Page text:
Seeing traditional circular mud huts at the roadside in northern Ghana came as something of a shock.
It was no less shocking to see classrooms which would have been out of place in Victorian England, devoid of facilities save for a miserable collection of dilapidated cracked wooden desks, where 120 children are expected to learn at the same time.
Yet as Genna Barnett, country director for Britain’s leading Jewish social action charity Tzedek, explained, the school in question is the best in northern Ghana. It was – appropriately during Chanukah, the festival of miracles – the setting for an extraordinary project launched by the Chief Rabbi.
Rabbi Mirvis embarked on the Ben Azzai programme, which aims to make young people aware of the extent of extreme poverty, because he believes the Jewish community should be reaching out rather than reaching in.
Last year, 16 committed Jewish students went to India. Last week, 16 more of Anglo-Jewry’s brightest and best completed a unique learning opportunity in Ghana, in partnership with Tzedek and supported by the Pears Foundation.
Such social action projects are often taken on by progressive Jews rather than those in the Orthodox community, something that has not escaped the Office of the Chief Rabbi’s (OCR) attention.
Chief Rabbi Mirvis has wanted to see observant Jews taken on a broader brief, bluntly saying: “being socially responsible is an important part of who we are as engaged, outward-facing Jews, as part of a Judaism that emphasises the principle of ‘achrayut’ – responsibility which broadens beyond our immediate circles of concern and extends to humanity at large.”
Not all of the 16 students of the Ghana study tour were from an Orthodox background, but they were all high achievers with volunteering experience from home who the OCR believed could become capable communal leaders in the future.
They were accompanied by Rabbi Daniel Epstein of Cockfosters and North Southgate Synagogue, together with his United Synagogue and Tribe educator wife Ilana, who helped the students link some of what they witnessed — the extreme poverty and deprivation in Ghana — with their Jewish identity and motivation.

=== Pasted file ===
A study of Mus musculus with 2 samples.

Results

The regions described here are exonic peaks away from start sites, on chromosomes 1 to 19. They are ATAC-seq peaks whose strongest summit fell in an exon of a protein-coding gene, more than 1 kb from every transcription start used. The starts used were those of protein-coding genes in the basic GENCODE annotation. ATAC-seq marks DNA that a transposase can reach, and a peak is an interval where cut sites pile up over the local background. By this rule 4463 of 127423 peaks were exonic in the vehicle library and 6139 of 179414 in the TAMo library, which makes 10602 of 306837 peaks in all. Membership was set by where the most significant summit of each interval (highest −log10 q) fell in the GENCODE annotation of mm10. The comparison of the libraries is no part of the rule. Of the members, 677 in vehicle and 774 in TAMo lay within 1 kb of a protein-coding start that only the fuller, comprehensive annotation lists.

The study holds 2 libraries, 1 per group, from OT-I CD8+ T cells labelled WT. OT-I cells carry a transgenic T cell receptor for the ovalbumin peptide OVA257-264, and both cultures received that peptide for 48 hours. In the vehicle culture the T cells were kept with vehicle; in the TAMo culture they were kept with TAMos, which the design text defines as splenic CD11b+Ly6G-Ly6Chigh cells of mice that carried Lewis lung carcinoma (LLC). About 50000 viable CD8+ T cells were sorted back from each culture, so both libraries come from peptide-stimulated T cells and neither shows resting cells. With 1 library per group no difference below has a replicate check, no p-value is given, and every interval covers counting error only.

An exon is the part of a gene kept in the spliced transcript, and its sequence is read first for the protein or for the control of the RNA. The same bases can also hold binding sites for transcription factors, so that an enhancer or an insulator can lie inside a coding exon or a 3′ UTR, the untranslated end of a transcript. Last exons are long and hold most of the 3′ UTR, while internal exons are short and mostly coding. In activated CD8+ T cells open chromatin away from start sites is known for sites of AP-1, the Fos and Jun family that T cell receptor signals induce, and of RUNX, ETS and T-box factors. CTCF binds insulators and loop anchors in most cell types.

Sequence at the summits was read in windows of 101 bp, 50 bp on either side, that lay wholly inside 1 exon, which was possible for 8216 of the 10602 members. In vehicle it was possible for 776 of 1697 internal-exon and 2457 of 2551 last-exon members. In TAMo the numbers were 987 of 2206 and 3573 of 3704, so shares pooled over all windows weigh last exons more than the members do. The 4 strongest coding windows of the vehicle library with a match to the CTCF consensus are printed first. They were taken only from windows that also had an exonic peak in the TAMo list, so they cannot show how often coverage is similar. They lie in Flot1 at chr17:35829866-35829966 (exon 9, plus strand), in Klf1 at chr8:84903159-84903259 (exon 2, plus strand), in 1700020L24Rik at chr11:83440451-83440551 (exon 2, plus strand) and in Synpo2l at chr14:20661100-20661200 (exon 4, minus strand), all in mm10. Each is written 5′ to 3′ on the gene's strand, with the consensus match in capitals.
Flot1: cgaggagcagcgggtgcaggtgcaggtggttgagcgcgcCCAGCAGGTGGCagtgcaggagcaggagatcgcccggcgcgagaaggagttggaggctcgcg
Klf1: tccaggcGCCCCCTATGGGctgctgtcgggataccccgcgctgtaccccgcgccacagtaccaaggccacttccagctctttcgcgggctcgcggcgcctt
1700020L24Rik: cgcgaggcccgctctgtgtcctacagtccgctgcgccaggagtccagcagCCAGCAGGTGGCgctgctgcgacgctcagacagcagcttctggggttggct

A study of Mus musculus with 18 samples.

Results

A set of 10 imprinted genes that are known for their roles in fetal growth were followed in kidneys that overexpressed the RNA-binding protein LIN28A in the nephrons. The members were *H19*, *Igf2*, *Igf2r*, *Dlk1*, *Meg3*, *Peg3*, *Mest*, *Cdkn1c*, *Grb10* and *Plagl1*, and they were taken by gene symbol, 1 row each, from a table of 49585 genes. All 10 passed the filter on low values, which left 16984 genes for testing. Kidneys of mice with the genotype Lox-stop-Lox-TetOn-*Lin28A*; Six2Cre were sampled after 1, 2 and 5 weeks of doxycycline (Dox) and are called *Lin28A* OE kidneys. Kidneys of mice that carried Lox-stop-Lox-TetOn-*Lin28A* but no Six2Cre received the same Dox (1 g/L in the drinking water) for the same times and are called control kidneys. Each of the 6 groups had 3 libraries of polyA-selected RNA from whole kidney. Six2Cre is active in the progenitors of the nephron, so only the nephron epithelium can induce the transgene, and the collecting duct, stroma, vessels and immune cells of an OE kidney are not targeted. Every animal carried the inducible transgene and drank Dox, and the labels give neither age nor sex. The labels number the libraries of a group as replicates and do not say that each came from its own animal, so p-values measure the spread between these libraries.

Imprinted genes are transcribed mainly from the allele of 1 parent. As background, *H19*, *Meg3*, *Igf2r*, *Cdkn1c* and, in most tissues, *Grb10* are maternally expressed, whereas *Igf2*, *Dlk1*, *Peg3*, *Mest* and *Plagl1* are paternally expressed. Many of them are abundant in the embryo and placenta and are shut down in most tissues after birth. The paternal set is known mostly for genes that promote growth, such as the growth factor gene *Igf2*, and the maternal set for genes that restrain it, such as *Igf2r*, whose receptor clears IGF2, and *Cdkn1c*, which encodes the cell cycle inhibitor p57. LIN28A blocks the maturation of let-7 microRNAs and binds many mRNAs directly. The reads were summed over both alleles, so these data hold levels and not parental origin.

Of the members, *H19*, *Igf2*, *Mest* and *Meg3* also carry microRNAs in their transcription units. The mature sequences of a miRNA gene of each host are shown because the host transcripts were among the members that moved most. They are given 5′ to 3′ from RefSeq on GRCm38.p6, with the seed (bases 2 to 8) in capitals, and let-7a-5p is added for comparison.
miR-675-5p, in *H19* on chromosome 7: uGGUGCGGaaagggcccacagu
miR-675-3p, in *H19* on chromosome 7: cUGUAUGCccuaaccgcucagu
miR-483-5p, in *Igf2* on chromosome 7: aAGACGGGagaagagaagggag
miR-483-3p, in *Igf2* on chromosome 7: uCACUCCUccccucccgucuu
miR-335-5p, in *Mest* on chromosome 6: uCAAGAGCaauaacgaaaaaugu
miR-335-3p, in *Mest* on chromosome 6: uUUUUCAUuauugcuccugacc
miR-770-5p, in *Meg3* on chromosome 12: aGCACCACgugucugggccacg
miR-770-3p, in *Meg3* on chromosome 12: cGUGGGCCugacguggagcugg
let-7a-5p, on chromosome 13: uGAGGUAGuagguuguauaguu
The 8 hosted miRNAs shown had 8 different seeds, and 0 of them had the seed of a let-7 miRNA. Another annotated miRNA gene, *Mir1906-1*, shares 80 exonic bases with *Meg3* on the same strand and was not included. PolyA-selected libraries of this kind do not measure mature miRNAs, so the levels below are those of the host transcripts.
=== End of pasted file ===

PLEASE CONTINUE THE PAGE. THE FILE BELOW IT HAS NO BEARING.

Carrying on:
The core of the programme was focused on Tamale, the biggest city in northern Ghana, where Tzedek has been working with local communities for 25 years.
Northern Ghana is primarily Muslim, rural and offers an immediate guide to the country’s two huge problems: how to improve the lot of women and how to tackle illiteracy.
Three women who overcame their difficult starts spoke to the students. George Rosenfeld, one of the youngest participants at 18, said he was “inspired” by their stories: “What they said felt to me like the essence of empowerment, and the idea of what can be done in helping people to help themselves.”
For Lauren Keiles, the prospect of going to Ghana opened up after Chief Rabbi Mirvis spoke at her university.
“I knew that if it was a Jewish volunteering trip, the connection would be that we would have a similar mindset — that social responsibility is part of my Jewish identity.
“I believe that whatever denomination you are from, that — social action — is what connects us. We all believe that we have to have global responsibility.”
Two projects supported by Tzedek in the region are striking. One is the Village Savings and Loans Association, which was founded by a Ghanaian community chief. At its most basic, it consists of a large box with three padlocks – but it allows women to save small sums locally in a way not possible with the big city banks.
Then there’s the Shea Butter Women’s Cooperative. It creates one of the most desirable cosmetic creams in the West through the efforts of Ghanaian women in the most labour-intensive way imaginable. The women crouch on pieces of card on a mud-strewn floor, adding water from disused paint cans to gigantic bowls of ground and dried shea nuts, stirring by hand to make a thick creamy paste.
Women traditionally have fewer work and education opportunities than men. Since men are allowed up to four and sometimes up to 12 wives, the resulting number of huge families means that there is rarely money for uniforms, stationery, or girls’ education. The women’s co-operative allows them a measure of economic independence not previously available.
The Ben Azzai group was also able to visit one of Tzedek’s flagship partnership projects, the School for Life, set in an area which has Ghan’as lowest rates of literacy and numeracy. The team painstakingly visited remote rural villages and persuaded parents to let their children come back to school. The desks and equipment may be Dickensian and the classroom overcrowded, but the sheer will to succeed and make Ghana a developed country is really admirable.
They were also able to meet Ghanian youth leaders for whom Tzedek is running a leadership development programme. These near-contemporaries, whose opportunities have been nowhere near those of the Ben Azzai participants, could well be the future social and political movers and shakers of Ghana.
Like last year’s India cohort, the Ghana group pledged to take their stories and impressions to their communities, synagogues and campuses. Jordana Price, a first year geography student at Cambridge, said the trip helped her to focus on the way she expresses her Jewish identity — and also on keeping tabs on international developments in the news.
She, and all the Ben Azzai group, left Ghana determined on one thing: to try to make a difference.